On Oct. 23, 12 Oakland County, Mich., communities spent roughly nine days without water after a major water main break. Almost 305,000 people were affected by the break.
Oakland County and the Great Lakes Water Authority worked nearly around the clock to ensure that the residents in those communities had safe, potable water. Water stations in various communities were set up. Businesses and residences alike were given access to the scarce commodity.
They even provided water to flush toilets. Let me repeat that: They were given water to flush their toilets. Of course, people had to bring their own containers, but at least people had access to clean, safe water for plumbing and drinking. All of these efforts are impressive, right? This is a fantastic example of how government officials should respond when a water crisis occurs.
It directly affected my mother, and as a native Detroiter and former resident of Oakland County, I should’ve been ecstatic to hear how well this situation was handled. So what’s the issue, you ask?
Residents in the Genesee County city of Flint, Mich., have been without potable, usable water since 2014. Government officials—locally and statewide—blatantly lied about the water supply being safe for human consumption. Fertilizers, pesticides, built-up bacteria and lead have contaminated the Flint River (the city’s primary source) for decades. Their half-assed attempt to “clean up the water” never ensured that the city’s folks would remain healthy.
It’s been three whole years, and citizens still can’t drink the water. Water stations were set up (some years later), and as of this past summer, many of the stations were closed following Flint’s lead levels being under the federal limit. Why is there such a disparity between Oakland County and Genesee County in their response to each crisis?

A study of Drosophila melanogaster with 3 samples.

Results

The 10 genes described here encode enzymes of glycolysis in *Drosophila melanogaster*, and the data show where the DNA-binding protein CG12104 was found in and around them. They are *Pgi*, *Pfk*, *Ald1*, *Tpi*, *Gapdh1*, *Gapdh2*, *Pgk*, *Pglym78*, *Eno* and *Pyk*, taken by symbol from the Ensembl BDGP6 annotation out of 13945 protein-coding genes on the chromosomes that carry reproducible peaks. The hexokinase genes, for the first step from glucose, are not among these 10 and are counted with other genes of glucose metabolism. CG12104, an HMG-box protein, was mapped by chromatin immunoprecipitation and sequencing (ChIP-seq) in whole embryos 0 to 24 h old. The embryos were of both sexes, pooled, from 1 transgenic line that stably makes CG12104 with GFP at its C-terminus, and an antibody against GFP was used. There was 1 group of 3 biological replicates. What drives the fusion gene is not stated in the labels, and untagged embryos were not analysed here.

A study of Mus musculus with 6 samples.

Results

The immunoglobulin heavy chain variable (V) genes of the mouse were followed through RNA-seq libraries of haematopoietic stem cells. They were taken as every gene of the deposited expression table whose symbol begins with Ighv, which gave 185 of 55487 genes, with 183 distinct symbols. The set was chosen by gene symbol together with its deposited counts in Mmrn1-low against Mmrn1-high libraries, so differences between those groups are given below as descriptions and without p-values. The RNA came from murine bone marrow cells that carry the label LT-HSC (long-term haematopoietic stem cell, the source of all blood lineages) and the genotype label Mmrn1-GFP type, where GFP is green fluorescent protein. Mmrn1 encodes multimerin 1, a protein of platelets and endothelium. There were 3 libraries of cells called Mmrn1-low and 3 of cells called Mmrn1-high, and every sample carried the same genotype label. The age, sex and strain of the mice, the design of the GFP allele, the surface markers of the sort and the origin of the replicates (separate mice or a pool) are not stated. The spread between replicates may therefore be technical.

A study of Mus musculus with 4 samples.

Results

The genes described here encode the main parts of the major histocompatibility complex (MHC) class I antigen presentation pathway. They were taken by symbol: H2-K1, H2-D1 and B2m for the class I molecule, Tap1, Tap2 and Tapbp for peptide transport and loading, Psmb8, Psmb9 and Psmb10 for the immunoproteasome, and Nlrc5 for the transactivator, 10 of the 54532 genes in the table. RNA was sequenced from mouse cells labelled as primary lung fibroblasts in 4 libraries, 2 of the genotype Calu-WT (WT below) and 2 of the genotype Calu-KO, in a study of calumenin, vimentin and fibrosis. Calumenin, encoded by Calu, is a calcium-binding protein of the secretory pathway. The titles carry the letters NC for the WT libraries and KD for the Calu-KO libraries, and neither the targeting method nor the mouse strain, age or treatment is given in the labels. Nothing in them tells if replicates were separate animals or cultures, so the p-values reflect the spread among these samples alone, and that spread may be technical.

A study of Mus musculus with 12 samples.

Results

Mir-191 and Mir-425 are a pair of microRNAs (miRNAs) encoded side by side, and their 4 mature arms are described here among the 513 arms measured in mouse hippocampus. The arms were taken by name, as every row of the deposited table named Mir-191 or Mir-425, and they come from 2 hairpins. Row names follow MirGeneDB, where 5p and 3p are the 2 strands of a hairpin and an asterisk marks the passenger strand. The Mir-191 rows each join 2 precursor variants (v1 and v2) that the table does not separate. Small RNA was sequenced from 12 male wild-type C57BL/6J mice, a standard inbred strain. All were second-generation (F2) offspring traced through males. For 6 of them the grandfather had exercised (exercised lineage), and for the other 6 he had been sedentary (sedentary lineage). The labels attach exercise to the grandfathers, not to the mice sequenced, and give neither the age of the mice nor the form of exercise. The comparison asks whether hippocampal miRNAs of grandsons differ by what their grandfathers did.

Race and class.
Oakland County is one of the wealthiest counties in Michigan. It used to be the wealthiest, but some argue that Livingston may have snatched the “coveted” honor. The median income in Oakland County is roughly $70,000. The county’s population is a whopping 72.8 percent white, which is a glaring contrast to Flint’s 60 percent black population. The median income in Genesee County is about $44,000, but the surprise is that the 72 percent white population of Genesee is typically lower-class and poor.
The water crisis in Flint was not just a “black problem.” It was a class problem. Poor whites have been brainwashed to think that they receive the same consideration as well-to-do whites, and that’s simply not true. Because there are more poor whites, they give the advantage of numbers for rich whites with agendas to use them time and time again. And because skin color matters, they never see they are being consistently shit on.
Blacks have and will always suffer first, which is why nobody jumped to make sure that everyone in the city of Flint had access to clean water—nobody who was supposed to, at least. Flint could easily have been Detroit, Pontiac or any other city with a majority-black population in Michigan.
Businesses and civilians from various counties throughout Michigan sent batches of water to the good folks of Flint. However, their assistance wasn’t enough to mitigate the long-term damage. Fetal deaths spiked, pregnancy rates lowered, 12 people died from Legionnaires’ disease and lead poisoning debilitated many more people in the city. Given the already high infant mortality and morbidity rates in the city, Flint residents never had a chance.
Apparently, money will always talk, and black lives will always be expendable.